A Third World disaster in pollution


I have just returned to my home in Tasmania, after visiting your once beautiful island for the sixth time. My wife and stepson are Sri Lankan, and I did hope to move there when I retire in the next two years.

Having said that, I am disgusted with the amount of waste and polluted ocean surrounding the once beautiful Pearl of the Indian Ocean.

On my first trip in 2013, I was shocked by the amount of rubbish, not only in the streets, but also on the beaches and in the water. I made enquiries then as to why there were no rubbish bins on the beaches and why there were not correct household bins, rather than bundled bags of dirt left in piles on the streets. I was pleased to find on my 3rd trip that there were bins on the beach (Mt. Lavinia), but the locals were not using them. This year I was hopeful after seeing signs had been erected advising locals to only leave their footprints and to use the provided bins.

I was dismayed to see the condition of the beach when I arrived on Aug 2nd. There was more rubbish than ever, not only on the beach but also in the water. Plastic bags, bottles, coconut husks, kite strings, food, at least 7 dogs in a group defecating, and all manner of things left by locals. It was more evident after the last Poya holiday. On that day, the beach was crowded with locals and a smattering of tourists. At sundown, it was hardly possible to see the sand because of the litter. As many people turned up again on the Sunday.

As there are no public toilets anywhere along the stretch of beach and thousands of locals there on both days, there was only one place for them to toilet, and that was in the ocean. The week following, there was sewerage slime mixed with rubbish in the water and certainly unsafe for swimming.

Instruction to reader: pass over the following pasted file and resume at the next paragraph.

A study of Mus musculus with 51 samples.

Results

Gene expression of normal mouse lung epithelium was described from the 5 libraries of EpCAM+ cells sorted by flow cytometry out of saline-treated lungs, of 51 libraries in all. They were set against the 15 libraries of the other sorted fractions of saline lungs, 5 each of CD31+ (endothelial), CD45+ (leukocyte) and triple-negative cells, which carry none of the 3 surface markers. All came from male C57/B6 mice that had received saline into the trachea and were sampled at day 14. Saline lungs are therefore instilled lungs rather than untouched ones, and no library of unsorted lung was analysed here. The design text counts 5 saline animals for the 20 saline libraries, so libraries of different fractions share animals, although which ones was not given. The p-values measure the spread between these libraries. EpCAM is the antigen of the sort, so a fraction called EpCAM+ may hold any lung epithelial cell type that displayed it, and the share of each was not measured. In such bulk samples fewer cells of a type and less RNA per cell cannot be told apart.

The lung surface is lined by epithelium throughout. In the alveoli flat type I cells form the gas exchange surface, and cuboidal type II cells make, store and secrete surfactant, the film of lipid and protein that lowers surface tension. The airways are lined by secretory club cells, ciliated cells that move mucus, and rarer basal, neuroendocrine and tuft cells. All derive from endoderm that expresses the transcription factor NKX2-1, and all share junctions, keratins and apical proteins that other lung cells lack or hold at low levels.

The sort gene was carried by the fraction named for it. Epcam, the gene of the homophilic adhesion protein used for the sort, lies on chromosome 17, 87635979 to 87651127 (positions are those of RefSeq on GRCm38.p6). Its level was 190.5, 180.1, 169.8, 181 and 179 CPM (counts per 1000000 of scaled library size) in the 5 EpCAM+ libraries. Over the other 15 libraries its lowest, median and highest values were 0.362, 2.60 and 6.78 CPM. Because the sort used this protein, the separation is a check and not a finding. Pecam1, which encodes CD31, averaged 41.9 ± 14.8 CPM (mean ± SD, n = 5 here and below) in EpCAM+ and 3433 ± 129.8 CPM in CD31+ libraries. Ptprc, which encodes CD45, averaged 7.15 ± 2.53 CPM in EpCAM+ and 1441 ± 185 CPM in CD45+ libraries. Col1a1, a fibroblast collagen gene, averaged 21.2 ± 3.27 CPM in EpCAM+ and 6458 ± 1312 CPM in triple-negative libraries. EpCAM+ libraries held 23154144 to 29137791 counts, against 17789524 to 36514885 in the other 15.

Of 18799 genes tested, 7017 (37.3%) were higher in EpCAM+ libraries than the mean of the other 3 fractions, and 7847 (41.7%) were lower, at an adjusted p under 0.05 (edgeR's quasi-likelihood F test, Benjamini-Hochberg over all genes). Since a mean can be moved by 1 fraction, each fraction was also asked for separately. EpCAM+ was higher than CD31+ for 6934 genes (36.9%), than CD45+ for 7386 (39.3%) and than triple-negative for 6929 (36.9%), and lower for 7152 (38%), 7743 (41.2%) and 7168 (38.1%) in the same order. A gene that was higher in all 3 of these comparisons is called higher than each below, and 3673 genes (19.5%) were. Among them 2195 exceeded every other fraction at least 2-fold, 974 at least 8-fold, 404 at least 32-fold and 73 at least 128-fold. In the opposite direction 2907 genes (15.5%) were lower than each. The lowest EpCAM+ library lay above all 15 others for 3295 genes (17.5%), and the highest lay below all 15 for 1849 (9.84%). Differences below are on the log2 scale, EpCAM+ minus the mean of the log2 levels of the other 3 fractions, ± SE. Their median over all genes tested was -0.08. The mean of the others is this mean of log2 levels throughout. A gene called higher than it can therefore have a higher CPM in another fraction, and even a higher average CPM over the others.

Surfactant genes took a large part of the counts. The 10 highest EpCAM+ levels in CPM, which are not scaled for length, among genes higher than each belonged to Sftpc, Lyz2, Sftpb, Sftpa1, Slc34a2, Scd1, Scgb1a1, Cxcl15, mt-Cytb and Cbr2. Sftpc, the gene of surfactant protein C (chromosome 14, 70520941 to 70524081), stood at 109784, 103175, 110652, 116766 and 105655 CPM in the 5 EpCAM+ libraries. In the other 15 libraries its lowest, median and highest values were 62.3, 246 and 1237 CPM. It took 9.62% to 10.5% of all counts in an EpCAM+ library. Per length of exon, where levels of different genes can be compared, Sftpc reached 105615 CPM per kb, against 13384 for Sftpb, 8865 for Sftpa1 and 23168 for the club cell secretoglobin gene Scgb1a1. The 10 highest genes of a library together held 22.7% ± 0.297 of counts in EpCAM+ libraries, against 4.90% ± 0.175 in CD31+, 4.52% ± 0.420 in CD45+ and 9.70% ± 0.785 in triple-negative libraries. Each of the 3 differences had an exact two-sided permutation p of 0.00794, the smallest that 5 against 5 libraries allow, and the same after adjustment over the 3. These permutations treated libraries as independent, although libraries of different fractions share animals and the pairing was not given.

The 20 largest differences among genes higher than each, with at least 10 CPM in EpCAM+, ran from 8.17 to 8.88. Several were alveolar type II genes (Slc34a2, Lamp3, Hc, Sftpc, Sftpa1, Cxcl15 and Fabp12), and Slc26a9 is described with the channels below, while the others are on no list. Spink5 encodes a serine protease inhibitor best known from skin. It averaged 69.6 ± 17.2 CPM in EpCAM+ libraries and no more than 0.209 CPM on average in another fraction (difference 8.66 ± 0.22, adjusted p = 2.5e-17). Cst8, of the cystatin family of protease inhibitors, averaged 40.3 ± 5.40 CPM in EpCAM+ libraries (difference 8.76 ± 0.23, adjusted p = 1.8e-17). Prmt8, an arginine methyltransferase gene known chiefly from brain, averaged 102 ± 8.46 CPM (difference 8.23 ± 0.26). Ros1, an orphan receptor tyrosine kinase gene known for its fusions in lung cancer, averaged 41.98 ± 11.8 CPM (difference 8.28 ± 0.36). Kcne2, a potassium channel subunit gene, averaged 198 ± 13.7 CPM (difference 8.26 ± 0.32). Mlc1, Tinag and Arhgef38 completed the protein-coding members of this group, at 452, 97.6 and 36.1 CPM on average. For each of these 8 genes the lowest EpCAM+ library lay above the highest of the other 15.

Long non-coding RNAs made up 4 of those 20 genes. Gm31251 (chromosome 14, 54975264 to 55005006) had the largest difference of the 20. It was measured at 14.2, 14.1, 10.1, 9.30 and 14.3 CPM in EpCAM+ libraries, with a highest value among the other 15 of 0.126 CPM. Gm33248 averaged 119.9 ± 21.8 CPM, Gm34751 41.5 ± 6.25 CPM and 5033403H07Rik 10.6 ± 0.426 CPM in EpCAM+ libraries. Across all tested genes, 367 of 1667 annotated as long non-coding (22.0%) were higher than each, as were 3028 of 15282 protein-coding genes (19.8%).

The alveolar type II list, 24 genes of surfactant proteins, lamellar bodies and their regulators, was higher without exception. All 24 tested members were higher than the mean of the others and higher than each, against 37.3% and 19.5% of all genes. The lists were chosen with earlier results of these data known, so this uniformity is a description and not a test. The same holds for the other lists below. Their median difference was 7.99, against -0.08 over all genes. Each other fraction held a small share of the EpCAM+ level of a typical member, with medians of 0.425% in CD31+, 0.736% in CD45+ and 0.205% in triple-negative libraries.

Several restaurants and local bars along the beachfront had several employees raking up rubbish in front of their establishments, to give patrons the idea they were concerned about the conditions along their boundaries. I was astounded to see them dig big holes in the sand, after raking the rubbish in piles, and burying it under a few centimeters of sand!

The situation disturbed me not just personally, but because Sri Lanka depends on Tourism for its survival. No Tourists and there will be more economic hardship than there is already. I personally went to the Mt. Lavinia Municipal Council and spoke to the official responsible, and he told me of the hardship, in policing and education of the locals.

I ask that you please have the decency to reply and begin addressing the problems existing. I have many photos taken on this trip of the problem and will start posting them on social media, on all popular sites relating to your tourism industry.

I live on an island that is 900 square kilometres larger than Sri Lanka; we too are surrounded with pristine beaches. Unfortunately, our climate is cooler between May and November, but I can guarantee they are always clean.

To the Police Superintendent: I always rent the same apartment on College Avenue, where I believe a high ranking Police Officer resides, and was told that is the reason for a highly visible Police presence. On every occasion that I left my apartment to either go out or to the beach, there was between 1-3 Policemen lounging in chairs in the apartment’s covered car park, some staying their entire shifts, sleeping and playing on their smart phones. When out and about, I see many motorcycles with two policemen riding, countless traffic infringements happening around them, yet not interested in their job. I have photos of officers sleeping and playing on smart phones if you would like to see them.

Proper policing and issuing of infringements for traffic offences and littering too, will educate the masses of locals and not only contribute to the economy, but to the Government coffers to provide better health services etc.

Another issue that bothers me is the use of horns, especially on the hundreds of polluting un-roadworthy busses and Tuk Tuk's that travel the entire country. It is unacceptable and unnecessary Carbon Dioxide and Noise Pollution.

On this trip, I rented a car and took my family South to Weligama. It didn't matter where we went; every piece of coastline was littered. On more than a dozen occasions, I was confronted with passenger busses coming toward me on the wrong side of the road, with total disregard to human life.

In closing, Sri Lanka will remain a third world country unless the air, traffic, noise and rubbish pollution issues are addressed, and I look forward to receiving a response from all addressees.